Introducing Archetypes


SWBAT to review the events of chapter three in Of Mice and Men and complete a character analysis chart that explores the nature of archetypes.

Big Idea

Wait a minute . . . I know someone just like that!

Review Chapter Three, Of Mice and Men

20 minutes

Today I return after having been out for a day, leaving my students in the hands of a substitute to read chapter three of Of Mice and Men.  I gave the substitute the option of reading the chapter as a whole group, in small reading groups, or individually, suggesting in my notes that she check the pulse of each class accordingly.

In order to hold my students slightly more accountable for remaining on task while I was gone, I required that they complete a series of questions for chapter three, in addition to completing three entries in their on-going dialectic journal.

We spend the first part of class reviewing the questions from chapter three and sharing dialectic journal entries as a whole group.  I anticipate that my students will have much to say about two key events in chapter three, that of Carlson shooting Candy's dog and Lennie crushing Curley's hand.

Additionally, as they share throughout the review, I ask them periodically if the behavior of certain characters reminds them of anyone, either from another text, a film, even from their personal lives, which is a surface we began to scratch in this lesson.  This is in preparation for the next part of the lesson, where I will be introducing my students to the concept of archetypes.  Characters such as Curley's wife, Curley, and Slim are especially easy to focus on for laying such groundwork, as they are probably the most archetypical in the text.

Introducing Archetypes

20 minutes

When we have sufficiently reviewed chapter three, I explain to my students that I am going to provide them with a theory that helps explain why some of the characters and their traits in Of Mice and Men may seem familiar to them.

I instruct them to take out their classroom spiral notebooks, as we will be adding a small set of notes on what are called Archetypes.  

As we work our way through the powerpoint, I pause on each slide to elaborate as necessary and to address the questions and/or comments of my students.  When we reach the slide that depicts the double icebergs, I challenge my students to interpret the image and explain how it relates to Jung's theory of the collective unconscious.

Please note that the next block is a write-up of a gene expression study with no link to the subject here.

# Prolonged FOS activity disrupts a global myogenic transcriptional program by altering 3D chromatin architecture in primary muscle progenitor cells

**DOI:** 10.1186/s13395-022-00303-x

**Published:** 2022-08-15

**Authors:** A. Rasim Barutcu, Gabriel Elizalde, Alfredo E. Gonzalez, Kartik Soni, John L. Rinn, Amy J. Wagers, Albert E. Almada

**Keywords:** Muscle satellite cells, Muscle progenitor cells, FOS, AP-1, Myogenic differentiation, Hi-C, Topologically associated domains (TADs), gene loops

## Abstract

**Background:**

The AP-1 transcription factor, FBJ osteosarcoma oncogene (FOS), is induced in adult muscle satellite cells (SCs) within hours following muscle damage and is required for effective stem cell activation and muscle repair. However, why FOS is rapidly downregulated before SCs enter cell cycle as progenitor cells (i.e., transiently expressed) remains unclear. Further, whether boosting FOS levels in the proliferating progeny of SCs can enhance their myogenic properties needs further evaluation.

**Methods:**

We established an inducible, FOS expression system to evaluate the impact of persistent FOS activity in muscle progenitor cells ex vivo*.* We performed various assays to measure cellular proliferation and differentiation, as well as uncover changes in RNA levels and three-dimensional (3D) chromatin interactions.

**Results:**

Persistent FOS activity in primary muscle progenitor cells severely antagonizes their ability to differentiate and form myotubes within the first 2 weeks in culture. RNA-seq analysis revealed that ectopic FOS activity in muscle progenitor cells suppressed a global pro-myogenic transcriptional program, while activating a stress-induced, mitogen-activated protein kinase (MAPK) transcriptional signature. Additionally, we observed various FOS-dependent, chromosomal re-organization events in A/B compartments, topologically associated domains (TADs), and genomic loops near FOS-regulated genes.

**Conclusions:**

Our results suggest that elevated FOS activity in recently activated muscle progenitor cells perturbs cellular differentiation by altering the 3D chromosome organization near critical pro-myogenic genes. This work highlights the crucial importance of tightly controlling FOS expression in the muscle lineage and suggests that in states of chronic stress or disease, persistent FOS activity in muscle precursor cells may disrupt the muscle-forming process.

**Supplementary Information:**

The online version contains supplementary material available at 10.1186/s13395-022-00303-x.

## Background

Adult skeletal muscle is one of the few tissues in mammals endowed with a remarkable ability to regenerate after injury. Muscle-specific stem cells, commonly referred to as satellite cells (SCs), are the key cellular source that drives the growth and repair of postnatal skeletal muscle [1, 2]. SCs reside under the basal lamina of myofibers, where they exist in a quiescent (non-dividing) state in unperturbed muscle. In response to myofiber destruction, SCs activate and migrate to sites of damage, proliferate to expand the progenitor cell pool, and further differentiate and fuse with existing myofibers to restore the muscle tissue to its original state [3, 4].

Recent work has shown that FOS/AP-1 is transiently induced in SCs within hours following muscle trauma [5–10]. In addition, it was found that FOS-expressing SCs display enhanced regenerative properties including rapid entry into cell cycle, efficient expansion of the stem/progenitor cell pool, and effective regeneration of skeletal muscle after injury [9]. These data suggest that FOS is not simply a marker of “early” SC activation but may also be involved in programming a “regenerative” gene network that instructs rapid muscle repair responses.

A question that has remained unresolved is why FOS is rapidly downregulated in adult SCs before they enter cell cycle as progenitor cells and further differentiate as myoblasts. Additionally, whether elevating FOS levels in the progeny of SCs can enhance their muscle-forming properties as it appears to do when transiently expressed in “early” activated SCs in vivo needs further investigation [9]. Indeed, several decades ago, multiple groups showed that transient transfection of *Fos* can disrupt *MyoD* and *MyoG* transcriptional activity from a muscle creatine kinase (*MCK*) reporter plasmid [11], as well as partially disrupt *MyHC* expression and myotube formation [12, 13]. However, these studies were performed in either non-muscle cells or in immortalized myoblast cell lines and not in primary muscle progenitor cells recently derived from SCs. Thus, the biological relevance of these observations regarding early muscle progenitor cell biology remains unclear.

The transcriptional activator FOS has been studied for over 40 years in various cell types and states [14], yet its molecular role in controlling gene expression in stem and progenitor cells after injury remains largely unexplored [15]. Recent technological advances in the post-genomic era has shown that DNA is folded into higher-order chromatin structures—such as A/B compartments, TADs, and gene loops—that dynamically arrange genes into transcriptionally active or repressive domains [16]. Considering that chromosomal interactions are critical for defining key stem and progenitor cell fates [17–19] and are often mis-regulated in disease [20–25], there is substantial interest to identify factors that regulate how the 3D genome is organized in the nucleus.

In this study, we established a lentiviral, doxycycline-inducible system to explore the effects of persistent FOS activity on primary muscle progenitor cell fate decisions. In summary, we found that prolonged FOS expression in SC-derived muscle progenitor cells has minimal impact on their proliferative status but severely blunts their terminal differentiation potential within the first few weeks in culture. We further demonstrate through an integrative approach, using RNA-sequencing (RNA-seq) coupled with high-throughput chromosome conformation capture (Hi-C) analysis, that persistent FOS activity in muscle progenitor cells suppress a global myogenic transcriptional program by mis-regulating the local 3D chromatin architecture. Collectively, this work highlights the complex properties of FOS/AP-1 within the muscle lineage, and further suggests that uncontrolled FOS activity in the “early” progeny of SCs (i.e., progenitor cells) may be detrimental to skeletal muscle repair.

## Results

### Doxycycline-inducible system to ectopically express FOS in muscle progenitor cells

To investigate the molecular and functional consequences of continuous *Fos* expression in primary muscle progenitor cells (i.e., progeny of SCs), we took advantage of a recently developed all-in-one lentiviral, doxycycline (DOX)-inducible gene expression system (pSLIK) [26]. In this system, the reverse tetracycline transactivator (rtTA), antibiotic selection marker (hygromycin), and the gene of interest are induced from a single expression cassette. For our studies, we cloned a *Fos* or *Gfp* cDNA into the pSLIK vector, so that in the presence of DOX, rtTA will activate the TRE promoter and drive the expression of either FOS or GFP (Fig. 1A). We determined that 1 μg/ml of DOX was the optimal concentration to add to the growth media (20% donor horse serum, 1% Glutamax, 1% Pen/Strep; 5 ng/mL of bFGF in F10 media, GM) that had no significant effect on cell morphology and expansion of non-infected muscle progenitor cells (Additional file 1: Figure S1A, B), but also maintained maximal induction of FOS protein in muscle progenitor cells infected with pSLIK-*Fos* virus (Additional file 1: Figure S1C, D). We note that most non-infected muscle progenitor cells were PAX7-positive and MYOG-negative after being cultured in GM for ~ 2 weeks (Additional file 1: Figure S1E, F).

The slide that lists the relatable contents of the collective unconscious--love-at-first-sight, emotions, deja vu--is always a crowd pleaser, and tends to generate much discussion from my students. In order to help explain the nature of the collective unconscious, I will ask them questions such as "When you were a baby, what did you do when you were hungry, or needed a diaper change?"  When they respond with "Cry!", I then ask, "Who taught you how to do that?"  This type of questioning really brings the concept into focus for my students, as we then apply it to laughing, feeling afraid, etc.  And they absolutely love sharing stories of deja vu!

By this point in the presentation, most students are hooked, so that the final slide, which adds archetypes as additional contents of the collective unconscious, is fairly easy for them to accept (The More You Know . . .).

Partner Work: Of Mice an Men Characters as Archetypes

30 minutes

With their newly acquired information on archetypes, I then send my students back to the text of Of Mice and Men to apply the theory.  

I distribute a Character Chart to each student and allow them to work with a table partner on this assignment.  Their job is to find examples of something each character listed either says or does, or of how each character is described, then make a solid inference based on that information, and finally do their best to identify an archetypical connection for each character.  

The instructions on the handout center on chapter three, but I allow my students to work with all chapters read thus far, if they find a line that works better outside of chapter three.  Additionally, I allow them to leave the column for Crooks blank, if they feel that the brief appearance he makes in chapter three does not give them enough to work with, as he will be the central focus of chapter four.

As my students work, I circulate the room, assisting if requested and listening to their archetypical connections.  Most students should be able to complete the activity in the time allotted, but will be required to complete it for homework if they are unable to finish.